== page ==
California Roots Music and Arts Festival

As the sun rose over Monterey, the final day of the festival we had all waited the last three years for felt bittersweet. The anticipation was more than lived up to as the artists we have all come to know and love played with the crowd of 10,000 singing every lyric to every song behind them. Day four was packed with reggae legends and royalty both new and old as the last day of the longest Cali Roots to date sent Monterey home in style.

Day three of Cali Roots drew possibly the biggest crowd in the festival’s history. The masses served as a reminder to all of the community that had been missed so dearly over the last several years. In so many ways, it felt almost like a family reunion with friends in the reggae community we haven’t seen in far too long. With half the festival having passed, the best was still yet to come as Day three held some of the best surprises of the weekend.

As fans came to the Monterey Fairgrounds for the second day of the California Roots Festival, it had a day-one energy to it. Some were still recovering from the extra day the festival had been given the day prior, and some filtered in throughout the day as they got off of work for the weekend, but all were excited for what the second day had in store for them.

Ladies and gentlemen, family and friends, brothers and sisters, we are finally back. After a two year-too long forced hiatus, the biggest festival in American reggae, Cali Roots, returned to the Monterey Fairgrounds for their eleventh and biggest year yet. To make up for lost time, a fourth day was added to the festivities as the long Memorial Day weekend extended to Thursday.

From humble beginnings growing up in Washington, D.C. to touring the world and spreading her inspirational message through her introspective Lyrics, Assata Perkins has built her career by looking deep into herself and turning her own vulnerability into art as Sa-Roc. Her recent album, The Sharecropper's Daughter, was no exception as it took listeners on a journey of the past influencing the present while reflecting her life experiences authentically and without obscuring her own truth.

There are so few bands in the reggae scene that are not only so well known, but universally beloved than the Kona Town heroes themselves, Pepper. Wherever the guys go, they are the most popular people in the room, and for good reason. Their charisma is inarguable and palpable, and their larger-than-life personalities live up to their fans’ hopes who might have only seen them from the stage.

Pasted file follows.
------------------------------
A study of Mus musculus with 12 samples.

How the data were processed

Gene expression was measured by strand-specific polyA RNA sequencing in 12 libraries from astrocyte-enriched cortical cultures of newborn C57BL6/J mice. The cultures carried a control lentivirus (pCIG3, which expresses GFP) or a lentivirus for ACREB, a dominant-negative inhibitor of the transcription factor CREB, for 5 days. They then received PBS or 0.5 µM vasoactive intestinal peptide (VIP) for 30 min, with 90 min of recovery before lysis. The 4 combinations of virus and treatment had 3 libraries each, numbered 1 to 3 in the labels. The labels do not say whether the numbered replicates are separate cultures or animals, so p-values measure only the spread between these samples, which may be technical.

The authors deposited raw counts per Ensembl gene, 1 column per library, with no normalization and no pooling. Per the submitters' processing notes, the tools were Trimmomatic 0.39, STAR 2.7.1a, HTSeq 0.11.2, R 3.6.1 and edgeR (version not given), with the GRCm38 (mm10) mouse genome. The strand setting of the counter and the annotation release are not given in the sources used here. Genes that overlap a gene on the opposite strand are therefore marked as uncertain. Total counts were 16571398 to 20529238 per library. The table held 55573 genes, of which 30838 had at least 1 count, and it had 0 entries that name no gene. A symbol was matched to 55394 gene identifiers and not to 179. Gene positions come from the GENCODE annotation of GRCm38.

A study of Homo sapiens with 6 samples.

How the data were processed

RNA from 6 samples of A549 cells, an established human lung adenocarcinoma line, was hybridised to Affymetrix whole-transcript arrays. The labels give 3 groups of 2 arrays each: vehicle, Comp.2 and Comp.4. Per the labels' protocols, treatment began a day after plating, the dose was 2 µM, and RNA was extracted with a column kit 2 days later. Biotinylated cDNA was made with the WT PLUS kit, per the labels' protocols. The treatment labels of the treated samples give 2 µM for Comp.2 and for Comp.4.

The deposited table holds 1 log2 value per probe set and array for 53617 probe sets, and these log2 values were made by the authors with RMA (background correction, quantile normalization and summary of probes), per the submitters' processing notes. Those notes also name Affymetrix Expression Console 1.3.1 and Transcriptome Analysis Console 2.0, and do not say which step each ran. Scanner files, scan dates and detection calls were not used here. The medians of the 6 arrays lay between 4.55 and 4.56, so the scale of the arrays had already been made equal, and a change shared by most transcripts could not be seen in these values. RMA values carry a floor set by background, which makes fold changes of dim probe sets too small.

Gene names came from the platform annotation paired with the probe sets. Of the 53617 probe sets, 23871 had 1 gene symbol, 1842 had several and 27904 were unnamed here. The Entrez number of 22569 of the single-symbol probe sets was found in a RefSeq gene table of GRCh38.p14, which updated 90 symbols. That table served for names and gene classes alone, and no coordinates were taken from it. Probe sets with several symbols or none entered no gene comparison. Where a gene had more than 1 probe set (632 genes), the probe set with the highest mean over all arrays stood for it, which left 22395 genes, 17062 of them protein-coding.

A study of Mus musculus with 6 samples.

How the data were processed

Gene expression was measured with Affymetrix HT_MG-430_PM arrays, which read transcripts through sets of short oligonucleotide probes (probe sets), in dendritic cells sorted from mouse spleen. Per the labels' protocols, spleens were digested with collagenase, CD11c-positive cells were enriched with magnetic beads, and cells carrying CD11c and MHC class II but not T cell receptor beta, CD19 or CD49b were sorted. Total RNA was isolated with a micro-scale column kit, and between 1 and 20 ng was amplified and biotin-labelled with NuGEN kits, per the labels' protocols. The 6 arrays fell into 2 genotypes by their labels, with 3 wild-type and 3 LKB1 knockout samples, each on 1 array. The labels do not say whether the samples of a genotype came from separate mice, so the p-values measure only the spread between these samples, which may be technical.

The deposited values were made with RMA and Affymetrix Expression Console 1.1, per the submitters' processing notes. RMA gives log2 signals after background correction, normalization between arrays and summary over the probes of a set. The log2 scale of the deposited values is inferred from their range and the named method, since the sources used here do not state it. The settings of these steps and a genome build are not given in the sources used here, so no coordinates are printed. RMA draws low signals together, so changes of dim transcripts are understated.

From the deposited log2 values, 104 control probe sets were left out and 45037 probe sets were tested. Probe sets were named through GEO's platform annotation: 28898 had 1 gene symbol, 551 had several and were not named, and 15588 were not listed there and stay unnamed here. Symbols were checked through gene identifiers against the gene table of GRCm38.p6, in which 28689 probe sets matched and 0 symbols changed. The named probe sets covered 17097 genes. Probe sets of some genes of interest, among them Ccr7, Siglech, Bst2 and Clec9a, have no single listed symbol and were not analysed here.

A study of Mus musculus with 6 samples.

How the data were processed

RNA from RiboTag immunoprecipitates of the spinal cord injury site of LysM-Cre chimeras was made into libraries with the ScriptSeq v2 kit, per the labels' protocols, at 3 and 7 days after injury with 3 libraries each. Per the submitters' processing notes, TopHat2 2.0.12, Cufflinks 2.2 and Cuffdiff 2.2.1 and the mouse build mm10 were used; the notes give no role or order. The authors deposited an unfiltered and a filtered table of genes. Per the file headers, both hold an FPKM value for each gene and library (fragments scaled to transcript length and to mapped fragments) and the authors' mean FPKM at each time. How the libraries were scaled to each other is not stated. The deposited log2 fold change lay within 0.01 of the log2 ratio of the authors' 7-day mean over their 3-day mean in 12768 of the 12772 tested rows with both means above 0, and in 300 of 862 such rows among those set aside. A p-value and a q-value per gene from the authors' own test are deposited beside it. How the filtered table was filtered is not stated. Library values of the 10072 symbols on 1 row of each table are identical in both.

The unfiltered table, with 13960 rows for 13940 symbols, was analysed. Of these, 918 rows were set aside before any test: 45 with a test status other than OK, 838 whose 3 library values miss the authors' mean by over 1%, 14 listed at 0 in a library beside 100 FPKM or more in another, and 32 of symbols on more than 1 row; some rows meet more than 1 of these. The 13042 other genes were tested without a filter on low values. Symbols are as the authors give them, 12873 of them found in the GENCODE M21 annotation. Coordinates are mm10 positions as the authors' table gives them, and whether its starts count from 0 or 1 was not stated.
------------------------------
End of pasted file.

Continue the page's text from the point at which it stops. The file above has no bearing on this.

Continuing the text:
Hopping into a tenured band as the newest member can be an intimidating task in any capacity, much less the frontman, but for Jamaica's Hector Roots Lewis, stepping up and filling in as lead vocals for Southern California reggae veterans Tribal Seeds came instinctually.

Frontman of the Midwest hip hop group Atmosphere, Sean Daley, or "Slug" as he goes by on stage, is a rare breed in the sense that seems to wear his heart on his sleeve and has the perspective to allow himself to be his own person rather than a manufactured image of an onstage persona. Sean carries himself with a sobering energy that reflects his sincerity in how he sees the world and communicates with a level of genuineness and empathy that is refreshing to see in an artist of his tenure.

Reggae has always been known as the genre of “one love” but from the earliest days of his Hawaiian origin, Mike Love has taken this to a new level. He wears many hats as a musician, a spiritual shaman, and even an ordained minister, but few who meet him could help but call him a friend as his welcoming and affectionate aura touches shines so brightly.

Hailing all the way from Saint-Étienne, France, Dub Inc has found a way to transcend the language barrier and garner a passionate fanbase more than 5,000 miles from home. Their onstage passion and chemistry are informed by decades of knowing each other as bandmates and friends, the energy in their live shows are impressive by any standards.